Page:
Resplendent quetzal (Pharomachrus mocinno), Costa Rica.
© O. Langrand

A Healthy Future Requires a Biodiverse World

The GEF's CEO shares his nature-based vision

This message first appeared in the CEPF 2020 Annual Report.

As a Costa Rican and former minister of environment for the country, I am passionately proud of Costa Rica’s role as a global leader in conservation and sustainable development. Our people understood early on that nature and human well-being go hand in hand—that you don't have to choose one or the other.

carlos-manuel-rodriguez.jpg

Carlos Manuel Rodriguez with binoculars
Credit: 
© O. Langrand

I first heard of the Critical Ecosystem Partnership Fund in 2003, when I was serving as minister of environment. I was informed by Conservation International’s Costa Rica office that CEPF wanted to contribute to conserving the Mesoamerica Biodiversity Hotspot through grants to civil society, supporting projects that would help the countries of the hotspot, including Costa Rica, implement their conservation plans.

And I learned that the fund’s grant-making was organized around a science-based, stakeholder-driven strategy in the form of its ecosystem profile. I could see that was an innovative and promising approach.

At that time, Costa Rica was ahead of most countries in valuing and acting on conservation, and it was one of the first countries in the developing world to have a strategy for addressing conservation gaps—areas of high biodiversity lying outside the protected-area system.

Costa Rica also was unusual in that the government was already collaborating with civil society organizations to implement conservation. But we were happy to gain a new partner in these pursuits.

The cooperative efforts among CEPF, CEPF’s civil-society grantees and the government proved very successful, and CEPF became part of the groundbreaking effort that Costa Rica initiated to consolidate, amplify and change the economics around nature conservation. When you consider Costa Rica’s conservation success story, you need to see CEPF inside that story.

It was clear to me back in the early days of my acquaintance with CEPF that other countries, particularly those with less-developed conservation communities, needed such a partner.

"We know what has worked and what has not, and based on that knowledge, we need to make strategic investments."Carlos Manuel Rodriguez

The trust and collaboration that CEPF nurtures between civil society and government is beneficial to all involved.

And since that time, CEPF has expanded its reach, having provided US$255 million to nearly 2,500 grantees in 105 of the developing and transitional countries and territories of the world’s biodiversity hotspots.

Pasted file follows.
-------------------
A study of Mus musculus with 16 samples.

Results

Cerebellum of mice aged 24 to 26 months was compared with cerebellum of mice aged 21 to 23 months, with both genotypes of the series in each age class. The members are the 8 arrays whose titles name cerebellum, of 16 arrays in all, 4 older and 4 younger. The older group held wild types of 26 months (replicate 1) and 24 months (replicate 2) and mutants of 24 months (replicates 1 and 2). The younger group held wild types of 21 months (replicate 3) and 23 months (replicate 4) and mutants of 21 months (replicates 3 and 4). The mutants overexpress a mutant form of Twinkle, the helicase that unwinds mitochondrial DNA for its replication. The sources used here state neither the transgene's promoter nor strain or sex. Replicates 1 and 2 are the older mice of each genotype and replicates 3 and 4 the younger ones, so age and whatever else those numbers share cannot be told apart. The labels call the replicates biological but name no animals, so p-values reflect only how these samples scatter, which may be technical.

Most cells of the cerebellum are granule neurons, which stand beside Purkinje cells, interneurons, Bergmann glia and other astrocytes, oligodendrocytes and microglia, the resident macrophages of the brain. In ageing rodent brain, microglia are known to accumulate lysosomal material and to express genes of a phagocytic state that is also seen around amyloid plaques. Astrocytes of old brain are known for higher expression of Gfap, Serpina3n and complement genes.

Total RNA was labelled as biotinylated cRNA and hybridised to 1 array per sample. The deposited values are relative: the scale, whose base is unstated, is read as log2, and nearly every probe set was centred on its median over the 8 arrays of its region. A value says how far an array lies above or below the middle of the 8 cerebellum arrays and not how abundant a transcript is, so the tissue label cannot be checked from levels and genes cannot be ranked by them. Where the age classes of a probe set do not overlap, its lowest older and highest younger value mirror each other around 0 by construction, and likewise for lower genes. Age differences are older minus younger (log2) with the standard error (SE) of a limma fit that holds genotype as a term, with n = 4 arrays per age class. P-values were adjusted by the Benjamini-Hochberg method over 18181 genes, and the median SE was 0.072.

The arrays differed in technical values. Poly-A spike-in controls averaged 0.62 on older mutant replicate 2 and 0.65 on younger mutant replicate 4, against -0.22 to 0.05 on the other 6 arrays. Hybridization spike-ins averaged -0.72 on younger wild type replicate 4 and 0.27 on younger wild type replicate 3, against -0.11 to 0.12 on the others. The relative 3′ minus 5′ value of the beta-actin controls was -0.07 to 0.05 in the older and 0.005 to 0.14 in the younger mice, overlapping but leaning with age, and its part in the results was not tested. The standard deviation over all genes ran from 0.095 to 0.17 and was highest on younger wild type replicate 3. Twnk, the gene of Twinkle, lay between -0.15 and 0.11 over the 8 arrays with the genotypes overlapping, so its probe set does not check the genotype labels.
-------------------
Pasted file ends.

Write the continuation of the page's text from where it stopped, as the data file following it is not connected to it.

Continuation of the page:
Results from those grants include more than 15 million hectares of protected area, more than 50 million hectares of Key Biodiversity Areas with strengthened management, and support to more than 900 species on the IUCN Red List of Threatened Species.

Now, from my view as CEO and chairperson of the Global Environment Facility (GEF)—one of CEPF’s six global donors—the need is even clearer and more urgent. This year, we may have a landmark political decision to protect 30% of the world’s oceans and land, a target that is expected to emerge from the 2021 conference of the parties of the U.N. Convention on Biological Diversity.

This goal is intended to address not only the current biodiversity crisis, but also the climate crisis, as it is estimated that protecting, restoring and sustainably managing natural ecosystems could account for at least 30% of global action needed to avoid the worst climate scenarios. It also has everything to do with the global recovery from COVID-19—an extreme example of what can result from humans disrupting nature’s integrity.

Achieving this worthy goal requires not just more funding, but also focus on conservation approaches that have proven effective. We know what has worked and what has not, and based on that knowledge, we need to make strategic investments. In that context, the GEF looks at CEPF as a strong partner with successful methods for empowering civil society’s contribution to conservation.

While this is a time of uncertainty, loss and tremendous challenge, it also presents an opportunity for what we call a green-blue recovery—that is, one based on conserving ecosystems on land and in the oceans. Supporting grassroots conservation must be part of building back better.

The GEF is ready and eager to collaborate with CEPF and other partners to help the world’s governments meet global environmental obligations and construct a stable, healthy, nature-based future for their people.